Unwound DNA tangles could create mutational hotspots bacteria genomes

The study could help scientists predict the evolution of bacteria and viruses over time.


Mutational hotspots are products of several evolutionary forces, including mutation rate heterogeneity. They can determine evolutionary outcomes and make evolution repeatable. But, the hotspots are often hard to identify.

In a new study, scientists from the Milner Centre for Evolution at the University of Bath have identified evolutionary hotspots in DNA where mutations are more likely. They revealed that unwound DNA tangles could create mutational hotspots in the genomes of bacteria.

Usually, evolution takes place by natural selection. Only those individuals who are adapted to their environment can survive and pass on their genes. The study has shown that the tangles in DNA strands could also influence evolution.

Scientists studied two bacterial strains of soil bacteria Pseudomonas fluorescens (SBW25 and Pf0-1). Removal of a gene that allows bacteria to swim causes both strains to evolve quickly. Both strains regained the ability to swim again, but with different routes.

One of the strains (SBW25) always mutated the same part of a particular gene to regain mobility. However, the other strain (Pf0-1) mutated in different genes each time the scientists repeated the experiment.

One strain evolved predictably, and the other was unpredictable. Why?

To know the reason, scientists compared the DNA sequences of the two strains. They found a region in SBW25 strain, which mutated in a predictable way, where the DNA strand looped back on itself, forming a hairpin-shaped tangle.

These tangles disrupt DNA polymerase during cell division, making mutations more likely to happen.

Removal of hairpin structure using six silent mutations eradicated the mutational hotspot. This causes the bacteria to evolve in a much wider way to regain their swimming ability.

Dr. Tiffany Taylor, from the Milner Centre for Evolution, said: “DNA normally forms a double helix structure, but when the DNA is copied, the strands are briefly separated.”

“We’ve found there are hotspots in the DNA where the sequence causes the separated strands of DNA to get twisted back on themselves – a bit like when you pull apart the strands of a rope – this results in a tangle.”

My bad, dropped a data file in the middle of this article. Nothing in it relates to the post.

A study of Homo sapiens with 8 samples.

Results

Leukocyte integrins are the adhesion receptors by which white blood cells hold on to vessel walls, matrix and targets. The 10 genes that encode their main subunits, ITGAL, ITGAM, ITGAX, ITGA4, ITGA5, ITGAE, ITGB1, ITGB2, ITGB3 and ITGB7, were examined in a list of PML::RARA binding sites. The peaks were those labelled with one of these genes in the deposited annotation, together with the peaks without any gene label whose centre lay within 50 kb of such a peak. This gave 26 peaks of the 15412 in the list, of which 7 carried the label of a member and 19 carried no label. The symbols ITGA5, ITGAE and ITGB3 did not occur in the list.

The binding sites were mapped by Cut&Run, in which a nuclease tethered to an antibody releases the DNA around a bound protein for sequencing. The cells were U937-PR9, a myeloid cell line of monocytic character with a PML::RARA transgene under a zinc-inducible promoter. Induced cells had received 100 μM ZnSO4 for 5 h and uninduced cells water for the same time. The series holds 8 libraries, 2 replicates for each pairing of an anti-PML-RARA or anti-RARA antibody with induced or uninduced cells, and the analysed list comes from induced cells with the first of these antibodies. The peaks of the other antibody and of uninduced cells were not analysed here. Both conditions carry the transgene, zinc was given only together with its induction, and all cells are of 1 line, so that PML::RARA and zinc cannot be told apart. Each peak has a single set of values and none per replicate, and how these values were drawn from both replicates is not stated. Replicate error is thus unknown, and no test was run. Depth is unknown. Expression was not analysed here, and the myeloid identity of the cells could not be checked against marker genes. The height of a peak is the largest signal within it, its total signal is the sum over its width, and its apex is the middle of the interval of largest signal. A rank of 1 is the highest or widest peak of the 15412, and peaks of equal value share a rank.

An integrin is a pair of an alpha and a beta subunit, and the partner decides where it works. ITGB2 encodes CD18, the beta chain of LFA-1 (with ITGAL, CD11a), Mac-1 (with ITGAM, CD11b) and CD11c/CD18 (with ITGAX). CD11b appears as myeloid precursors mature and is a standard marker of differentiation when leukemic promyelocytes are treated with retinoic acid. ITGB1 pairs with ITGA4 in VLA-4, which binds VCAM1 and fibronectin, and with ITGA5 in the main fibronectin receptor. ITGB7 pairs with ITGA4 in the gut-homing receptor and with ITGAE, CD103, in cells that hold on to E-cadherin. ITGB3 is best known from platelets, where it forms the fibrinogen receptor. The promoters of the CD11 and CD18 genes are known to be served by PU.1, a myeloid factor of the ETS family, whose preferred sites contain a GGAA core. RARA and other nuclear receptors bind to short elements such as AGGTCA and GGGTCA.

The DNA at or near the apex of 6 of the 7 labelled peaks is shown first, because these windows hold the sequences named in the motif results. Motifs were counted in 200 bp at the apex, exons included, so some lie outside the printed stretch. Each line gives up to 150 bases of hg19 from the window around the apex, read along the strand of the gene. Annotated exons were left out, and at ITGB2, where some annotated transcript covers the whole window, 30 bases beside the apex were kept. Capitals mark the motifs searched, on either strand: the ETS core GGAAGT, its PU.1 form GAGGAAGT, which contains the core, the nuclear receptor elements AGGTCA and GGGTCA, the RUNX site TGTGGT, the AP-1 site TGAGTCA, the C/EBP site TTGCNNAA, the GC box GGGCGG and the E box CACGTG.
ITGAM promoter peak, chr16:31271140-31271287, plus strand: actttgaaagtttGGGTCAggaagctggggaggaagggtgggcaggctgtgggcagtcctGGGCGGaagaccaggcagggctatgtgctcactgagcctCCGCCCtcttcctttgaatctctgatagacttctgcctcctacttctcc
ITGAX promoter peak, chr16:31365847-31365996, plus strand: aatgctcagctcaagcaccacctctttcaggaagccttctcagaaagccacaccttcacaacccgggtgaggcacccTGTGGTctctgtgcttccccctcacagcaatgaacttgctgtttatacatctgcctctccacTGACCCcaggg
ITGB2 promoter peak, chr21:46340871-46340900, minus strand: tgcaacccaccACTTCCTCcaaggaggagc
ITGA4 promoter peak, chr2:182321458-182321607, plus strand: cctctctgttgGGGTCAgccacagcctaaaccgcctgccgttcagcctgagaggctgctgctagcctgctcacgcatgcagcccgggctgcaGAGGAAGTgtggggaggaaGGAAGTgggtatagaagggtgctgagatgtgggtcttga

“When the DNA polymerase enzyme runs along the strand to copy the gene, it bumps into the tangle and can skip, causing a mutation.”

“Our experiments show that we were able to create or remove mutational hotspots in the genome by altering the sequence to cause or prevent the hairpin tangle.”

“This shows that while natural selection is still the most important factor in evolution, there are other factors at play too.”

“If we knew where the potential mutational hotspots in bacteria or viruses were, it might help us to predict how these microbes could mutate under selective pressure.”

Dr. James Horton, who has recently completed his Ph.D. at the Milner Centre for Evolution, said“Like many exciting discoveries, this was found by accident. The mutations we were looking at were so-called silent because they don’t change the resulting protein sequence, so initially, we didn’t think they were particularly important.”

“However, our findings fundamentally challenge our understanding of the role that silent mutations play in adaptation.”

Journal Reference:
  1. James S. Horton, Louise M. Flanagan, Robert W. Jackson, Nicholas K. Priest, Tiffany B. Taylor (2021) “A mutational hotspot that determines highly repeatable evolution can be built and broken by silent genetic changes” is published in Nature Communications DOI: 10.1038/s41467-021-26286-9.